Natural resources program

NORTHEAST COMMUNITY COLLEGE agriculture student Logan McKeon of Stanton speaks during a Cover Crop Field Day presentation last fall at the Northeast farm while fellow student presenters Darcey Simonsen of Lyons (left) and Jenny Lawver of Friend listen. The field day is one activity that will have added emphasis in a new natural resources degree program this year at Northeast.

Northeast Community College is offering a new agriculture degree this fall, associate of science in natural resources.

Dean of Agriculture, Math and Science Corinne Morris said this brings the number of distinct agriculture programs at Northeast to 12, ranging from agronomy to animal science, and from precision ag to horticulture and golf course management.

Natural resources is designed as a transfer program for students who desire to earn a bachelor’s degree, but it can also lead to a good job with no further education.

Ag faculty members Robert Noonan and Sarah Sellin will teach most of the classes in the new program, with the assistance of biology instructor Erin Kucera. Noonan said he has already spoken with some students interested in the new program.

“As soon as the incoming students see the jobs that are out there, that are ag related but with more of a conservation focus, I think we’ll get even more interest,” Noonan said. “I don’t think it will take very many years and we will have quite a few students in this program.”

Sellin said they started discussing the possibility of a natural resources program last fall with representatives of the Natural Resources Conservation Service (NRCS). She said Northeast already had most of the classes required for the program, so it was an easy addition to the department. For the natural resource program, Noonan will teach classes in forage and grassland production, entomology, advanced fertilizers and crop chemicals. Sellin’s classes for the new program will include introduction to natural resources, water resources and agri-ecology.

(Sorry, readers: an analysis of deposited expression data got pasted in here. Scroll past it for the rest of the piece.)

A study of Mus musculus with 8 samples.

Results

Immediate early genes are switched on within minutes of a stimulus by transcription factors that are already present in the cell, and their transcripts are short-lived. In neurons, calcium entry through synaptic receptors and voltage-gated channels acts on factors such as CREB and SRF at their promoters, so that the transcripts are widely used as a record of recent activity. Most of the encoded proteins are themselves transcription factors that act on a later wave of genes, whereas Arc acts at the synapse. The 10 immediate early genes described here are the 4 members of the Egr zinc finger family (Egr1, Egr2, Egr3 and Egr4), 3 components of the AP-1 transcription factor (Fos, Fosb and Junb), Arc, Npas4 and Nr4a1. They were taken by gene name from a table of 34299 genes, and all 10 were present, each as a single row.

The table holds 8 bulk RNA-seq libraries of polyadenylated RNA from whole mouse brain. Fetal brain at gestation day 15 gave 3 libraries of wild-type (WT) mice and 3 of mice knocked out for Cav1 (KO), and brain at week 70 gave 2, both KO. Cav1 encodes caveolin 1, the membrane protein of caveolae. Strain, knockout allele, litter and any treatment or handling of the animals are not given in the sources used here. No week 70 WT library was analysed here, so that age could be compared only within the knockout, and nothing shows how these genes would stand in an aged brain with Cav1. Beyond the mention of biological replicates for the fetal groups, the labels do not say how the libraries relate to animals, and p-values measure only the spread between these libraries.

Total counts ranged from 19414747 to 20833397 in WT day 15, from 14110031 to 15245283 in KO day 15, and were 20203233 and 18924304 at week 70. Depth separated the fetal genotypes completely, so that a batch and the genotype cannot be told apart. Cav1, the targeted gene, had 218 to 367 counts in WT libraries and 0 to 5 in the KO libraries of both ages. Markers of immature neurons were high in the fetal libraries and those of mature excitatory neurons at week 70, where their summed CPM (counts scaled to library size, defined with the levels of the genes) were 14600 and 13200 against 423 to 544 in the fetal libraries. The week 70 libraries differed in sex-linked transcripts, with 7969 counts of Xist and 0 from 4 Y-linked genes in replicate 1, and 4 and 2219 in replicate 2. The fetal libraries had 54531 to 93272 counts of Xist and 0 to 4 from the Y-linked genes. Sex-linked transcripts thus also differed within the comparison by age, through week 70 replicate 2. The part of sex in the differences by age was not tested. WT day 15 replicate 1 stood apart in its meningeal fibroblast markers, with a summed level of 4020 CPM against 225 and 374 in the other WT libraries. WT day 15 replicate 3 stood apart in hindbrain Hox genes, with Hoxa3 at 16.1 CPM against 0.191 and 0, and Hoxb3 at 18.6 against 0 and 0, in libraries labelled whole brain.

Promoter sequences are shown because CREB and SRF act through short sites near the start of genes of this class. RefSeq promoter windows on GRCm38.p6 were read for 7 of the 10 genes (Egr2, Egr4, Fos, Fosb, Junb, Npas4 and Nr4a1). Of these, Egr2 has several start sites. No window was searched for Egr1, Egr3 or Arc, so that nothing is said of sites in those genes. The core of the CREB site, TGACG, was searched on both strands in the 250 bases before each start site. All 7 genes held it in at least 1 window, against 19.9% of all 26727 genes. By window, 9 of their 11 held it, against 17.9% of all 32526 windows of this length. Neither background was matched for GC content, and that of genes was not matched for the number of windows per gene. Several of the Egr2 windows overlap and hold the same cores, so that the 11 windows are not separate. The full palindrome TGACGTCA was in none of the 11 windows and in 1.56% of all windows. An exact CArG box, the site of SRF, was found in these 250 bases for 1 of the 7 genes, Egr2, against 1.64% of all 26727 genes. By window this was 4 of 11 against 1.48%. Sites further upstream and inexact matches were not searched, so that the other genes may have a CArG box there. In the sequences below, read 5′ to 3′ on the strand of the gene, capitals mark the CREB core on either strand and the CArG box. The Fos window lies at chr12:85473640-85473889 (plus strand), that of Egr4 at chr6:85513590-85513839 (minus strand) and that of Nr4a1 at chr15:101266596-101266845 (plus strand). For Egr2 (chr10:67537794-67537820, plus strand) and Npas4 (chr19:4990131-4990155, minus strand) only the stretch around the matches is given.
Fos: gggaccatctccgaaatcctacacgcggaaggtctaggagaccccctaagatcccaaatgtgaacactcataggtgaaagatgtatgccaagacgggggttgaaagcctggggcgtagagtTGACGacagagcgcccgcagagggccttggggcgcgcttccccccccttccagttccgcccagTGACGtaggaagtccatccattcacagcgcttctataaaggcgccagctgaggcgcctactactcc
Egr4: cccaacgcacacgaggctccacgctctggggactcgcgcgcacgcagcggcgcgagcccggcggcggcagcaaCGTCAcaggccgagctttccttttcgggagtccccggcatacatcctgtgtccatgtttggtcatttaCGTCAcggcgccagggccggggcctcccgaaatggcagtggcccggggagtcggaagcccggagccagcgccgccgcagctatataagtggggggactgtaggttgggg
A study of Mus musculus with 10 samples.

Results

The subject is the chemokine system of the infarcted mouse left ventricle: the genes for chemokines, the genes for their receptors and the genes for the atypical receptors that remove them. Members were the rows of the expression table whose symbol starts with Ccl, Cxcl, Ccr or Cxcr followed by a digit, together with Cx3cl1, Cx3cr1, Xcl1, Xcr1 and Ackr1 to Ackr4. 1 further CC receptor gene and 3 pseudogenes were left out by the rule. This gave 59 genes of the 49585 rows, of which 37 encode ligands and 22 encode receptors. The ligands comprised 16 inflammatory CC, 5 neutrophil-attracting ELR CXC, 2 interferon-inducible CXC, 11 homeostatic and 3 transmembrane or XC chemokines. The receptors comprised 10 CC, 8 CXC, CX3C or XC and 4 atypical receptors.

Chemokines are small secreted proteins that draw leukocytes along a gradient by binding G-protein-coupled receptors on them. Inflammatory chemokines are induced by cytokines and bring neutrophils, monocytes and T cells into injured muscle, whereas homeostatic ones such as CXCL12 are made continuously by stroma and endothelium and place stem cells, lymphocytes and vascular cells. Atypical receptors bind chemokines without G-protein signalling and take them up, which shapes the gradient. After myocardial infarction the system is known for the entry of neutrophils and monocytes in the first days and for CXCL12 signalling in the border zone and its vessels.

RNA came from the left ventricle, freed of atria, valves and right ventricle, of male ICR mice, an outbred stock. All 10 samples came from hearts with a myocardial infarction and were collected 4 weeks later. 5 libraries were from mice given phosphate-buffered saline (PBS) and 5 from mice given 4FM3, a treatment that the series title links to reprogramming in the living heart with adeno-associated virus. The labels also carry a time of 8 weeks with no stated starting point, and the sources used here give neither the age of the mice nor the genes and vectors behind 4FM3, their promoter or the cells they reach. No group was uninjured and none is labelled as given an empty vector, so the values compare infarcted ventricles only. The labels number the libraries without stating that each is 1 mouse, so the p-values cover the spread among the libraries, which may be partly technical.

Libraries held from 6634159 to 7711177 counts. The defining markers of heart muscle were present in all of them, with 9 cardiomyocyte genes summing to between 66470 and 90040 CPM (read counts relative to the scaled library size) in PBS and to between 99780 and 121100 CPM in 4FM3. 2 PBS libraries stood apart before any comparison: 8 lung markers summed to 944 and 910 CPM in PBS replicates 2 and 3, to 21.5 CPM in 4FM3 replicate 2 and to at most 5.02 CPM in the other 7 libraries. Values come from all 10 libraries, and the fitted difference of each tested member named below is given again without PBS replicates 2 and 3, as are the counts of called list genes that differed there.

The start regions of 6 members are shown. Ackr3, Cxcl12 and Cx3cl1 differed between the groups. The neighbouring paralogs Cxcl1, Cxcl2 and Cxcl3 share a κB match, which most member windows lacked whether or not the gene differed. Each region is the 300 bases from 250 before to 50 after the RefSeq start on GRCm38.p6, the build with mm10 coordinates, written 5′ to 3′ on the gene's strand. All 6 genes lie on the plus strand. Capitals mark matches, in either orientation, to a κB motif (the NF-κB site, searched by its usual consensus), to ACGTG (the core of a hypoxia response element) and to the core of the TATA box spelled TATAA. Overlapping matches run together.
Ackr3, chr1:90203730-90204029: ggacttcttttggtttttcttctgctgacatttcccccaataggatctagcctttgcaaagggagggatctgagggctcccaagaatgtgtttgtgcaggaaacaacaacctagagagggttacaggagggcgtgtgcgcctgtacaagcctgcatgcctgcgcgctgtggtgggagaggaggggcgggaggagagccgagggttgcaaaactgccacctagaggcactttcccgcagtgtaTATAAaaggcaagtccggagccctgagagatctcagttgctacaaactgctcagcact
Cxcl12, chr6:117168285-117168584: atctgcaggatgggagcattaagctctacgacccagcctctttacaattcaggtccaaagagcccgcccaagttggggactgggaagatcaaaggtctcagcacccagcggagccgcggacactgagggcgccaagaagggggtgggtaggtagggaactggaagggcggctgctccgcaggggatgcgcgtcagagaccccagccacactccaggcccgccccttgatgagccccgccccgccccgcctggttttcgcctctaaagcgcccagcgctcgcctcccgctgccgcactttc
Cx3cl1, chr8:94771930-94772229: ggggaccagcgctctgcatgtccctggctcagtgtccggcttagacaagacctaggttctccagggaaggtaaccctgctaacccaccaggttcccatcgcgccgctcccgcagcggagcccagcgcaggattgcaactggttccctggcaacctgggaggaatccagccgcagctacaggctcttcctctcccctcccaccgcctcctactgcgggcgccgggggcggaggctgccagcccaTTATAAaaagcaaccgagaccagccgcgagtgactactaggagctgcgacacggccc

Graduates of a natural resources program may work for such organizations as Pheasants Forever, Whitetails Unlimited or Ducks Unlimited, Sellin said.

Conservation agencies such as NRCS and natural resource districts would also have employment opportunities for students with natural resources degrees, as would many private businesses.

Sellin said she knows of one student who is considering dual degrees in criminal justice and natural resources to work as a game warden.

Noonan said there is a growing interest in conservation.

“Not only can we maintain our soil health,” he said, “we can improve it, we can bring it back to where it was through these soil conservation practices.”